This is a story by Michelle Harmon’s beginning journalism student who “won” first place in a news writing challenge. The piece speaks about understanding that once something is online, it’s there forever.
The NBC-Affiliate in Boise partners with Harmon’s news program through the RTNDF (Radio and Television School-to-Station Connections/Partnership).
The Executive News Director spoke to her class and then he read the stories and commented on them. This is the story he chose for publication.
by Carlee Parsley
“Don’t take anything at face value,” Jim Gilchriest, news director for KTVB said April 19th to a class of journalism students. “Be relentless on your facts, and the search for the objective truth.”
Gilchriest, a living example of the power of online journalism, went to Borah High’s third hour journalism class to explain the muscle of the Internet. “(Online Journalism/the Internet) scares the crap out of me,” Gilchriest said, smiling a bit as he leaned back on the desk on which he sat. “The Internet is forever; you can find anything at the click of a button.”
Gilchriest said he was the focus of a subjective news story run by The Idaho Statesman, and is concerned that the story it ran is now forever available on the Internet. Type ‘Gilchriest’ into a Google search bar and you find hundreds of copies of the story.
“Because once the story ran in the Statesman, the Associated Press got a hold of it. Once it made the AP wire, that story was in every newspaper on the West Coast,” he said.
One of the reasons KTVB’s news director dislikes this article so much is because of the impact it could have on his future. Say he was in the market for a new job. Gone are the days when potential employers call sources and contacts and ask for references. “What if I went in for an interview, and the employers’ really liked me, but they want to double check me. ‘Google him,’ someone will say, and I’m sunk, because all they’ll see is how I’m supposedly trying to kill freedom of speech and freedom of press.”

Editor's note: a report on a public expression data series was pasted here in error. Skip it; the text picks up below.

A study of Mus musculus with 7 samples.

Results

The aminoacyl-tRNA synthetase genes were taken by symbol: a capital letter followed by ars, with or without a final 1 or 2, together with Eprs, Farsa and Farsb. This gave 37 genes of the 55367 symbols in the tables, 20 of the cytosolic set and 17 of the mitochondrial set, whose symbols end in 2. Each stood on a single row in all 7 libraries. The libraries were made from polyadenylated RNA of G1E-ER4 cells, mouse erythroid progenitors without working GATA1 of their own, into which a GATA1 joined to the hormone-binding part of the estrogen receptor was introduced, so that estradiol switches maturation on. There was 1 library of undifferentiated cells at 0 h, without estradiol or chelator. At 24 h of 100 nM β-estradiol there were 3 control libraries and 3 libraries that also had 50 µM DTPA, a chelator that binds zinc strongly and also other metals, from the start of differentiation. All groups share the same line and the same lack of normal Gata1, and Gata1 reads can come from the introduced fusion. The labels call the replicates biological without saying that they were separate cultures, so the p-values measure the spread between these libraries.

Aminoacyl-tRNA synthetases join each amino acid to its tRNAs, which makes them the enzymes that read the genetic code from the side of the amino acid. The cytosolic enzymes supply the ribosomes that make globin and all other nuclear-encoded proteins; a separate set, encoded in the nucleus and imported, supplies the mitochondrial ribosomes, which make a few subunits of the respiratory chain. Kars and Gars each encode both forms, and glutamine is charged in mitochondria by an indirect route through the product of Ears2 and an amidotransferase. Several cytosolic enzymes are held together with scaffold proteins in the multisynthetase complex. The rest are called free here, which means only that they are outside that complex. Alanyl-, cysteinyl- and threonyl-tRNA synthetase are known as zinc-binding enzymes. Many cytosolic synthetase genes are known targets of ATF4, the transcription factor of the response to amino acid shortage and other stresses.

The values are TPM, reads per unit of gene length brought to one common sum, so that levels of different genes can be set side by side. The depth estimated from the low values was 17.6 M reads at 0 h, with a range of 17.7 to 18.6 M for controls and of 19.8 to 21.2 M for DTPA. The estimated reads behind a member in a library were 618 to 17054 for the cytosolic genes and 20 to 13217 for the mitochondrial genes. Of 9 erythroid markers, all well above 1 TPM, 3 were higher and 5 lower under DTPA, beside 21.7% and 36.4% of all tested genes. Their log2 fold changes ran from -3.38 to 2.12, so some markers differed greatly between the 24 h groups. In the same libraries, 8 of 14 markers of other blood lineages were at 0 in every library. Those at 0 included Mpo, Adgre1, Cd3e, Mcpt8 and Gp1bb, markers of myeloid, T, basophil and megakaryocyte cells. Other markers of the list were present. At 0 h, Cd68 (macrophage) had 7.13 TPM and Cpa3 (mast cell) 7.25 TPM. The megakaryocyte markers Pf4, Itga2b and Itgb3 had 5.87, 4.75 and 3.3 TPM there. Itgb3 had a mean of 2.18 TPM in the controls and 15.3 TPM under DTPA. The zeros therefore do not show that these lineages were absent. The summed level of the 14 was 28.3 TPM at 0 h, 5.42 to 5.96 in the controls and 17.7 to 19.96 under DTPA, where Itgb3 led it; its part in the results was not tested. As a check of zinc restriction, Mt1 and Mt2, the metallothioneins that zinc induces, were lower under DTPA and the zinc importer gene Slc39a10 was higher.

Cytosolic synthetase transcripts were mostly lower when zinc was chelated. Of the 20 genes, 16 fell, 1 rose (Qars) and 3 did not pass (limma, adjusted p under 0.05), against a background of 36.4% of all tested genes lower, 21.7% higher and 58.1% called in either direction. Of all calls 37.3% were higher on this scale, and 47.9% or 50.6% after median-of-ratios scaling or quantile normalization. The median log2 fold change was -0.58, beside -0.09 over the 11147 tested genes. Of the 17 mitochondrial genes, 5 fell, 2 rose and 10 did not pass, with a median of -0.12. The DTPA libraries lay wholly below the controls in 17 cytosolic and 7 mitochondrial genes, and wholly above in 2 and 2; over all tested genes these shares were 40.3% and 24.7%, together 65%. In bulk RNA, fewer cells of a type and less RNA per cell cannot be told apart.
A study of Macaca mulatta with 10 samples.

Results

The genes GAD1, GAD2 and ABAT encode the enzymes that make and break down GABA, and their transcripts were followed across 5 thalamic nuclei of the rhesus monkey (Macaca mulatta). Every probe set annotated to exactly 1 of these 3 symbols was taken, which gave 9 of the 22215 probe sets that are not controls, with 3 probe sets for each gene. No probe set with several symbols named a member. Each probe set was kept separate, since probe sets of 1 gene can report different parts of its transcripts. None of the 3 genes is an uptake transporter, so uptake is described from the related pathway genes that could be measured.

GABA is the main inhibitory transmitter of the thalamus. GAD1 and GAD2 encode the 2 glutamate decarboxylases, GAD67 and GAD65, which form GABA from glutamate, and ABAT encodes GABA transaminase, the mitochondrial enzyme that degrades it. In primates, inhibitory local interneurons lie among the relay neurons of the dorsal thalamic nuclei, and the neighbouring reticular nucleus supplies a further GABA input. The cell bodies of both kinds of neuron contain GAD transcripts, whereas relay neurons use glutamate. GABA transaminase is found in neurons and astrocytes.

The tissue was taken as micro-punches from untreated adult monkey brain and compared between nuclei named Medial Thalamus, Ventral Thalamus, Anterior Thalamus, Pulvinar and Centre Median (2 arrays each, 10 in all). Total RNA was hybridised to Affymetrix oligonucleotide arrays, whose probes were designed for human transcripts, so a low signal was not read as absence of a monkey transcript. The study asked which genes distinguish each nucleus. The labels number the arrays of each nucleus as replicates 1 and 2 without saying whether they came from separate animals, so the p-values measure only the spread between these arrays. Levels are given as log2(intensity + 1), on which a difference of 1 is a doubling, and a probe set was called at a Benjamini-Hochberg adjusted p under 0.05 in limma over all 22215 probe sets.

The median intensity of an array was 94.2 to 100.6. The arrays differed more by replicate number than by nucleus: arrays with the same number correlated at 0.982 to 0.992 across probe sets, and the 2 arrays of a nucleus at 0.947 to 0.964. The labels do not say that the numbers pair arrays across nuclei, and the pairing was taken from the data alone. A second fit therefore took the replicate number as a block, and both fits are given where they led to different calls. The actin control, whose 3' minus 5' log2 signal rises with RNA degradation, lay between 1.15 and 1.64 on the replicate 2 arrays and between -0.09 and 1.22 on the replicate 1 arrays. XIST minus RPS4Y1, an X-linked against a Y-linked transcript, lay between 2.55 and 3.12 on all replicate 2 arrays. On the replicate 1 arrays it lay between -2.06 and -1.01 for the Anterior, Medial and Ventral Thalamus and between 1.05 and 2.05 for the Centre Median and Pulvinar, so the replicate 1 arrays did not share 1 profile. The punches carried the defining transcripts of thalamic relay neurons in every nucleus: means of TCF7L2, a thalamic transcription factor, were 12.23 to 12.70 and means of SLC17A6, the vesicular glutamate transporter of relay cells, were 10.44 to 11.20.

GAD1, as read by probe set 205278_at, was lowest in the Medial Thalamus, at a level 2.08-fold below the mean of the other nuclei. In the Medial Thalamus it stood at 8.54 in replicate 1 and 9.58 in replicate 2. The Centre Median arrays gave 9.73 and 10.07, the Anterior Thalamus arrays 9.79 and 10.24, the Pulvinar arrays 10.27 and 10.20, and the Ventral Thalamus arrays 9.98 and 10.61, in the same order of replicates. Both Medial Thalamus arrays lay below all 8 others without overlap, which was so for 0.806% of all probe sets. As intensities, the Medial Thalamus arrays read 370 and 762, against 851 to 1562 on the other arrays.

According to Gilchriest, the article portrays him as a dictator, refusing public access to a private, televised debate. “I was just trying to be fair,” the director explained. “In a previous debate, I had refused to let one of the candidates’ competition in, when they had already advanced to the final debate, and this was their preliminary debate. I was merely doing the same thing; not letting competition in, and no, I didn’t let the Statesman reporter in. It’s not like I was twittling my evil mustache, saying, ‘I’m going to exclude the public, oooo!’”
As Gilchriest wound down and the period ended, he said, “Online journalism doesn’t differ from print in the slightest. It’s just that the mistakes you make last forever. The repercussions are more severe.” The news director now uses the experience as a teaching point.